We danced in the darkness, my mother and I, stepping lightly from note to note. If we sometimes missed our footing, we caught each other before we fell.
We could have turned on the lights, I suppose. The portable reactor on the lower level would last longer than either of us. It powered the music we danced to, the fans that moved the air, and the heating that kept us all alive. But Mom came from a generation raised to save – food, water, energy, air, you name it.
She held me close, and I knew that while she danced with me, she was thinking of my father, dead two years now. She hadn’t saved him. But as her hold grew closer, I straightened my back and let her head rest against my shoulder. I was almost her height, and growing fast. Tall enough to be the man of the house. Or of the cave, as the case might be.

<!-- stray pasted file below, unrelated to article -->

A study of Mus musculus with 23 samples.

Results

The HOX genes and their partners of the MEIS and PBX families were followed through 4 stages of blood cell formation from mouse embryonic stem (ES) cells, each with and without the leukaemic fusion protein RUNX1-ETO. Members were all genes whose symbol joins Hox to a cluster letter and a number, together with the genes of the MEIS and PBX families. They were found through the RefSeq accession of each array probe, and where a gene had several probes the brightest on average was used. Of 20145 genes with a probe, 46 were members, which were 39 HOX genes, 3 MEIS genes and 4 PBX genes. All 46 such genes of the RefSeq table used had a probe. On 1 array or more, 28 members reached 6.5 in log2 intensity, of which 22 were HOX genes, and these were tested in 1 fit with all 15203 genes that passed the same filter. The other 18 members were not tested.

Eventually, though, the music ended, and we both came back to reality. She let go slowly, and kissed me on the cheek.
“Good night, James. Pleasant dreams.”
“Night, Mom. See you tomorrow.” As if there were real days in these caverns, instead of a calendar we followed by rote, trusting that the earth still circled the sun under its shroud of soot and ash. As if there were someone else to see, other than Mom and occasionally Mr. Volych and Galia.
She went off to bed, still with no lights. The caves were large, but the four of us knew them by heart. I could even navigate the Volychs’ section blindfolded (and they ours). There wasn’t a lot to do, and when we were younger, Galia and I had played a lot of hide and seek while her parents weren’t talking.
Those days were gone now, victims of an anger I barely understood. I saw Galia only on rare occasions, and only with her father. She looked nervous now, and lonely, but we didn’t get much chance to talk.
The player was finishing another track – more of the Dvořák my mother still loved, and I shut it off. Time enough for music tomorrow, and the next day, and the next.
I had a morning routine – do the few dishes, empty the composting toilets once a week, check the mushrooms (if there’s one thing caves are good for…), check the hydroponics, maybe pick a carrot or two. That was pretty much it, except for lessons, and I usually saved those until later in the day. No sense in having all the excitement at once.